This example shows how to profile the implicit communication that occurs when using an unevenly distributed array.
Interactive Parallel Mode in Parallel Computing Toolbox™ (See pmode in the users guide.)
This example shows how to use the parallel profiler in the case of an unevenly distributed array. The easiest way to create a codistributed array is to pass a codistributor as an argument, such as in rand(N, codistributor). This evenly distributes your matrix of size N between your MATLAB® workers. To get an unbalanced data distribution, you can get some number of columns of a codistributed array as a function of labindex.
The plots are produced from a 12-node MATLAB cluster. Everything else is shown running on a four-node local cluster.
In this example, the size of the matrix differs depending on the number of MATLAB workers (numlabs). However, it takes approximately the same amount of computation time (not including communication) to run on any cluster, so you can try using a larger cluster without having to wait a long time.
P>> labBarrier; % synchronize all the labs
P>> mpiprofile reset; P>> mpiprofile on; P>> pctdemo_aux_profdistarray();
1 This lab has 1024 rows and 1 columns of a codistributed array Calling mtimes on codistributed arrays Calling embarrassingly parallel math functions (i.e. no communication is required) on a codistributed array. Done
2 This lab has 1024 rows and 256 columns of a codistributed array Calling mtimes on codistributed arrays Calling embarrassingly parallel math functions (i.e. no communication is required) on a codistributed array. Done
3 This lab has 1024 rows and 256 columns of a codistributed array Calling mtimes on codistributed arrays Calling embarrassingly parallel math functions (i.e. no communication is required) on a codistributed array. Done
4 This lab has 1024 rows and 511 columns of a codistributed array Calling mtimes on codistributed arrays Calling embarrassingly parallel math functions (i.e. no communication is required) on a codistributed array. Done
P>> mpiprofile viewer;
1 Sending pmode lab2client to the MATLAB client for asynchronous evaluation.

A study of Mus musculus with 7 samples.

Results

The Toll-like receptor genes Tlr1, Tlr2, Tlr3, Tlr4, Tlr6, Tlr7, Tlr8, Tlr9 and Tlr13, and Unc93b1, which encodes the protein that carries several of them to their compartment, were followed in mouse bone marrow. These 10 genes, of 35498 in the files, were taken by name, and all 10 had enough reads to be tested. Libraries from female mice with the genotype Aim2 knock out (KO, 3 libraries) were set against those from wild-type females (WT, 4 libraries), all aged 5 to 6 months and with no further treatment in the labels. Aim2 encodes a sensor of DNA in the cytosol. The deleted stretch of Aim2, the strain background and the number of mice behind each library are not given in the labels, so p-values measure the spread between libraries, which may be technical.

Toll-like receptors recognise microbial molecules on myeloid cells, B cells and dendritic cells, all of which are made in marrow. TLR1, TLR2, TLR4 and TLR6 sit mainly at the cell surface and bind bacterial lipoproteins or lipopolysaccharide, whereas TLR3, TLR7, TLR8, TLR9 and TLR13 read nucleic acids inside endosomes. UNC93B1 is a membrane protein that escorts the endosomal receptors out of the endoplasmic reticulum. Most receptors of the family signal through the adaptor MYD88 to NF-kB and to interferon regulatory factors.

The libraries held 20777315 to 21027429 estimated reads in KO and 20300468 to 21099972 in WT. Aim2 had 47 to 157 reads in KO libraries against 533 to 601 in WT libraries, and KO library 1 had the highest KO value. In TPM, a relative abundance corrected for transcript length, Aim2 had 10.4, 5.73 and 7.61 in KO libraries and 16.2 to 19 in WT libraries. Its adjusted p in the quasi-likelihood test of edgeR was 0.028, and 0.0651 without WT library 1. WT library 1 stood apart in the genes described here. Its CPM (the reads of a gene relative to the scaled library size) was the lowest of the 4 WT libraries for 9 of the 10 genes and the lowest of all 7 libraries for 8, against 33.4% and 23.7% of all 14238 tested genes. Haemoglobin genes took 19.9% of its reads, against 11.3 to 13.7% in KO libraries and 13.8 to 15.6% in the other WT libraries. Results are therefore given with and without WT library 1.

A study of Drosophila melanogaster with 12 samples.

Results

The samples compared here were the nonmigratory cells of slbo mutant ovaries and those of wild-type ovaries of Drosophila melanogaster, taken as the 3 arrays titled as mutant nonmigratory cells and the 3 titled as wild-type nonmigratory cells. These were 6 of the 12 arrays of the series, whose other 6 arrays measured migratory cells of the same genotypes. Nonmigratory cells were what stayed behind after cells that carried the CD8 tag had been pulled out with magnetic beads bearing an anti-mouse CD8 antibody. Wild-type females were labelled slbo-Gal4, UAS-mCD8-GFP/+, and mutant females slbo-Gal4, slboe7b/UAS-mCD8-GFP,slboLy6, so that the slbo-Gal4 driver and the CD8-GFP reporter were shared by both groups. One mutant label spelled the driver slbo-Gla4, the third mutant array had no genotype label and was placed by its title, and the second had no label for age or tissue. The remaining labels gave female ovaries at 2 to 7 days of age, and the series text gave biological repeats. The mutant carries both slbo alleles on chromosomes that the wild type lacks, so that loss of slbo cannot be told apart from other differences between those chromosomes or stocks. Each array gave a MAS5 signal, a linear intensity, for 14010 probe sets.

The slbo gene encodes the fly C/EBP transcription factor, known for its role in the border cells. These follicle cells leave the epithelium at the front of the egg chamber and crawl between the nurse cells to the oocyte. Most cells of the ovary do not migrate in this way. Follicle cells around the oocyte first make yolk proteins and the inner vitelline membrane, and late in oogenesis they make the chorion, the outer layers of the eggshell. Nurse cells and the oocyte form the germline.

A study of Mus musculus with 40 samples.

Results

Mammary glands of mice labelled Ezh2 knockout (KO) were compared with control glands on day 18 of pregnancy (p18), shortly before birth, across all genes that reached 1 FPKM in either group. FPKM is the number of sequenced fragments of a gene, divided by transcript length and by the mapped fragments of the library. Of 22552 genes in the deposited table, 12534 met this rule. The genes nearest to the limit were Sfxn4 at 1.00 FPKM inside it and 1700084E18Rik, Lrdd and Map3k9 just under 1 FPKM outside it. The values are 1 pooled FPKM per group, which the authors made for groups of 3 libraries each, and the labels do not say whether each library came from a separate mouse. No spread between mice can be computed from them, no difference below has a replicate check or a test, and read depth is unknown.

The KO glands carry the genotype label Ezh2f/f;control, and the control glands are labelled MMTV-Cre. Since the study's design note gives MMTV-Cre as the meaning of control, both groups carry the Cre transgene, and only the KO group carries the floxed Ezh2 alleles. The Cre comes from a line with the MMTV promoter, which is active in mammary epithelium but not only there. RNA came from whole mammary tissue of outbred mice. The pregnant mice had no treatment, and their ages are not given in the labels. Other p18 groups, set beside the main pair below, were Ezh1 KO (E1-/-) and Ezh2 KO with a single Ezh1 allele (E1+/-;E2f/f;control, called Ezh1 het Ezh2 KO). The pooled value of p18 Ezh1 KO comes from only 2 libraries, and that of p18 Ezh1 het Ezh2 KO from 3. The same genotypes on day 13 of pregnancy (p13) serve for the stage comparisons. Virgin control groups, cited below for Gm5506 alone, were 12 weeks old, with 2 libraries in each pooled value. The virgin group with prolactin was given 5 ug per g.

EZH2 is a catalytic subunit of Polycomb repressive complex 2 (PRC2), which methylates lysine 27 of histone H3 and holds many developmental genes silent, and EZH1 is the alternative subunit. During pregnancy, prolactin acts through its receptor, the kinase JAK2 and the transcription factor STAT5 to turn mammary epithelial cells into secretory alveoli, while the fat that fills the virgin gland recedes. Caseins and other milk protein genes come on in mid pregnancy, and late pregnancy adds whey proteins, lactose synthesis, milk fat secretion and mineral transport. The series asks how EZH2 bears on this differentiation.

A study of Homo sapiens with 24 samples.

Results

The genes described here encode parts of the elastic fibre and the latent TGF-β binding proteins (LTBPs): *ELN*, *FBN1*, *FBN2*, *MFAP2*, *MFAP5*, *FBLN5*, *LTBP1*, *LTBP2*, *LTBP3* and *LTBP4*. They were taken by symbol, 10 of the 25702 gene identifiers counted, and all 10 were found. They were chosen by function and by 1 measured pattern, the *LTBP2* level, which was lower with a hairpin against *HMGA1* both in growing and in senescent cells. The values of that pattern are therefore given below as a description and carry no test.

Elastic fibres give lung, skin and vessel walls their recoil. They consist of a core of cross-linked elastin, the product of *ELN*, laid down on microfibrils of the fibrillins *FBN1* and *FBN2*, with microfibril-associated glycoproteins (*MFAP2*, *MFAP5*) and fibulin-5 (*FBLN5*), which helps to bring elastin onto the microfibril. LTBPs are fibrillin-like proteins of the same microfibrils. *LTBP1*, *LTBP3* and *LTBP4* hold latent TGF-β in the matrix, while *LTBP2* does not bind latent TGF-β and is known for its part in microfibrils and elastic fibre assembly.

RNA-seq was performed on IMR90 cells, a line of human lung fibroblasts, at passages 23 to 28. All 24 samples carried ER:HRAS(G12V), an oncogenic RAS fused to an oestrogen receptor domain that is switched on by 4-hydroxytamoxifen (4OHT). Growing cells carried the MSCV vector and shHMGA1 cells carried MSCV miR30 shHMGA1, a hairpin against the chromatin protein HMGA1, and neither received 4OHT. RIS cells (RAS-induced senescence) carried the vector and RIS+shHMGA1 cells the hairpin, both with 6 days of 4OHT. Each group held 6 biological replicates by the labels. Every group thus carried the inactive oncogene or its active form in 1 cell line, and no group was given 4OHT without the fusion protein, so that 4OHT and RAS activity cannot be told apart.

First, browse the Function Summary Report, making sure it is sorted by the execution time by clicking the Total Time column. Then follow the link for the top-level function (which should be pctdemo_aux_profdistarray) to see the Function Detail Report.
Each MATLAB function entry has its own Busy Line table, which is useful if you want to profile multiple programs or examples at the same time.
In the Function Detail Report, observe the communication information for the executed MATLAB code on a line-by-line basis.
Compare profiling information using the Busy Line table. Click Compare max vs. min TotalTime. Observe the Busy Line table and check to see which line numbers took the most time by sorting the time field using the drop-down list. There are no for-loops in this code and no increasing complexity as you saw in the previous Profiling Parallel Work Distribution example. However, there still is a large difference in computation load between the labs. Look at the sqrt( sin( D .* D ) ); line.
Despite the fact that no communication is required for this element-wise operation, the performance is not optimal, because some labs do more work than others. In the second row, (D*D*D), the total time taken is the same on both labs. However, the Data Rec and Data Sent columns show a large difference in the amount of data sent and received. The time taken for this mtimes is similar on all labs, because the codistributed array communication implicitly synchronizes all the labs.
In the ninth column (from the left) of the Busy Line table, a bar shows the percentage for the selected field (using the Sort busy lines list box). These bars can also be used to visually compare Total Time, and Data Sent or Data Received of the main and comparison labs.
If you click the relevant function name and are in the Function Detail Report, you get more specific information about a codistributed array operation.
To get the inter-lab communication data click Plot All PerLab Communication. In the first figure, you can see lab 1 transferring the most amount of data, and the last lab (lab 12) transferring the least amount of data.
To go back to the Function Summary Report, click Home and then click on the pctdemo_aux_profdistarray link to view the Busy Line table again.
Using the comparisons, you can also see the amount of data communicated between each lab. This is constant for all labs except for the first and last labs. When there is no explicit communication, this indicates a distribution problem. In a typical codistributed array mtimes operation, labs that have the least amount of data (e.g., lab 1) receive all the required data from their neighboring labs (e.g., lab 2).
In this Data Received Per Lab plot, there is a significant decrease in the amount of data transferred by the last lab and an increase in the amount transferred by the first lab. Observing the Receive Communication Time plot (not shown) further illustrates that there is something different going on in the first lab. That is, the first lab is spending the longest amount of time in communication.
As you can see, the uneven distribution of a matrix causes unnecessary communication delays when using data parallel codistributed array operations and uneven work distribution with task parallel (no communication) operations. In addition, labs (like the first lab in this example) that are receiving more data start with the least amount of data prior to the codistributed array operation.